Are you about to hire a contractor for your screen enclosure project? Choosing the wrong screen enclosure contractor could be a disaster that costs you both time and money. Here is a quick checklist to make sure you’re working with a legitimate business and that most details have been covered.
Verified Their License
- It isn’t enough to simply take their word when they tell you they are licensed and insured. It doesn’t matter if they have it on their business card – anyone can have business cards printed to say anything they like. What you need to do is lay eyes on the actual business license.
- Look for proof of their business license on the Florida Licensing Website. That’s something they can’t fake!
Checked Their Online Reviews
- It isn’t easy to earn positive reviews. Many people prefer to complain when things go wrong but few people take the time to write and post a review when things work perfectly.
- A contractor who has reviews cares about their reputation. They encourage their customers to write reviews, because they know they can stand behind their work.
- Check the reviews to ensure they are authentic. Many disreputable companies hire writers to write positive reviews about their business. You’ll usually be able to spot the fakes by their wording. People who write reviews for a living often use industry lingo, but real customers word their reviews the same way they would speak if they were recommending the business to a friend. Another way to weed out the fake reviews is to look for the reviewer online and make sure they’re a real person with a real life who would be getting screen enclosure work in your area.
Verified They Aren’t a Fly-By-Night Outfit
- Make sure the address they give you is a legitimate business address. Someone operating out of their home probably hasn’t built a solid business.
- See if they have a website with real customer reviews and descriptions of their list of services along with photos of completed jobs. A fly-by-night contractor won’t invest the time or money to build a decent website.
- Demand they show you their insurance certificate. You need to see it to ensure they aren’t lying to you about having it. They need to have liability insurance, Workman’s Comp, and even auto insurance. It should all be listed on that certificate.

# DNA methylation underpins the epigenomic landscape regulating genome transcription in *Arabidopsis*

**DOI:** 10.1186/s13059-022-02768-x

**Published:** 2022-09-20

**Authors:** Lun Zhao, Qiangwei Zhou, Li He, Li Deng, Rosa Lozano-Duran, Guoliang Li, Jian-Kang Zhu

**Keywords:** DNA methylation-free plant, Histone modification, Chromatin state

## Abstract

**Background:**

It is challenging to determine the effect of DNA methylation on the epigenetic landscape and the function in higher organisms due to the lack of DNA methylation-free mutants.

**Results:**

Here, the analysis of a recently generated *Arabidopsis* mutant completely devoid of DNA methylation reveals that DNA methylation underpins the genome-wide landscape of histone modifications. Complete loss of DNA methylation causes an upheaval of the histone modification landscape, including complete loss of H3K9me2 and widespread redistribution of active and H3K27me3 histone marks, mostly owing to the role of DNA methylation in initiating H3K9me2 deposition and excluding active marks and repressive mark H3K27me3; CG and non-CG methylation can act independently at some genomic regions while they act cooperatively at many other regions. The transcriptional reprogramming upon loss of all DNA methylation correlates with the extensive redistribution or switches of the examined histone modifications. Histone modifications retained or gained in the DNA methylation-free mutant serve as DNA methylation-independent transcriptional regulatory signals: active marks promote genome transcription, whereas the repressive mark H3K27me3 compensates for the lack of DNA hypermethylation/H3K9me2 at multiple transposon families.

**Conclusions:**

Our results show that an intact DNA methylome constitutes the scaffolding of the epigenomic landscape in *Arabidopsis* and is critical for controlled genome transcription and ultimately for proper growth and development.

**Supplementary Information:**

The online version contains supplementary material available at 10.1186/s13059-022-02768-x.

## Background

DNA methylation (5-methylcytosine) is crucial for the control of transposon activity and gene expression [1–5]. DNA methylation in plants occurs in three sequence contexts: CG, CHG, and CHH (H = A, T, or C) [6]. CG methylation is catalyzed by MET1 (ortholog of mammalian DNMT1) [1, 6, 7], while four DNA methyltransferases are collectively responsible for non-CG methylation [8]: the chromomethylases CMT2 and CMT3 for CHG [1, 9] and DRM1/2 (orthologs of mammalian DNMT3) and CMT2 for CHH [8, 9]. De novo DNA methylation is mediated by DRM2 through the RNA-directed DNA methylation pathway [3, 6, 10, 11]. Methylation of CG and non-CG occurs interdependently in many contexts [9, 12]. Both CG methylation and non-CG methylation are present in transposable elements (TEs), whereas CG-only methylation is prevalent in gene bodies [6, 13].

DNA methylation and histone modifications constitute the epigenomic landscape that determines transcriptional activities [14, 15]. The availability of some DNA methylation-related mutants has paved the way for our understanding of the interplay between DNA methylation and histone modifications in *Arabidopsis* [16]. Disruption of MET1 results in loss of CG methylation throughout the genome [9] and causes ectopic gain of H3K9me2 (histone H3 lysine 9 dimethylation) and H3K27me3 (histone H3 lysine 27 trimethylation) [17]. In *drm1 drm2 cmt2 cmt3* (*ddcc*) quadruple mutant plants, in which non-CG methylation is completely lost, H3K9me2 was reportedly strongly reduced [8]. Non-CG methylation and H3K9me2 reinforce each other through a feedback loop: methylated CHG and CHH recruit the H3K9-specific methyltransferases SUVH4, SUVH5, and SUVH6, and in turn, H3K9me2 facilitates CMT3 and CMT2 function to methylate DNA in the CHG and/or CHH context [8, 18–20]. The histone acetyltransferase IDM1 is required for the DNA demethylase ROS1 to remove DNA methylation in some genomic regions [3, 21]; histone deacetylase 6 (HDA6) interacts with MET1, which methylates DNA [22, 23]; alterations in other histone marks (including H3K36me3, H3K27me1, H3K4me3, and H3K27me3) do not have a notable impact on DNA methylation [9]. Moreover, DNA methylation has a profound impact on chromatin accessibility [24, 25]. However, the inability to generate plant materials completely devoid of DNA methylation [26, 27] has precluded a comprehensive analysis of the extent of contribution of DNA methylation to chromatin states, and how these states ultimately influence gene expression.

Discussed Permitting Responsibility
Never assume the required permits will be taken care of as if by magic. Someone needs to take responsibility for them, whether it is the screen enclosure contractor or a foundation company they’ve subcontracted for a part of the project. If no one takes responsibility for permits before you sign the contract, there’s a good chance that no one will take care of it when the time comes.[av_hr class=’invisible’ height=’20’ shadow=’no-shadow’ position=’center’ custom_border=’av-border-thin’ custom_width=’50px’ custom_border_color=” custom_margin_top=’30px’ custom_margin_bottom=’30px’ icon_select=’yes’ custom_icon_color=” icon=’ue808′ font=’entypo-fontello’]
Project Area for Projects Involving Concrete Fits Within Easements
- Easements are parts of your property that others have the legal right to use. If you block the easement with your screen enclosure, those who hold those rights could sue you for access to that part of your property. You could end up having to take out the screen enclosure and start over with a site plan that takes the easement into account.
- You need to ensure a survey is done before the screen room is constructed to define the boundaries of your property and all the easements and setbacks.
Surfacing of New Project Areas Involving Concrete Has Been Determined
- Know whether that surface will be applied to the existing area if it adjoins the current lanai.
Structural Materials Have Been Determined
- Make sure the screen contractor has gone over the different types of screen with you and included on the bid whether you’ll be getting fiberglass mesh, polyester mesh, No See Um screen, or cheap Artisan screen.
- Know what kind of fasteners they will use. If they have told you they will use the best fasteners, make sure they’ve actually listed high-quality fasteners like Nylo-Tec or Pro-Tect so you don’t get stuck with cheap, builders grade screws that will rust quickly.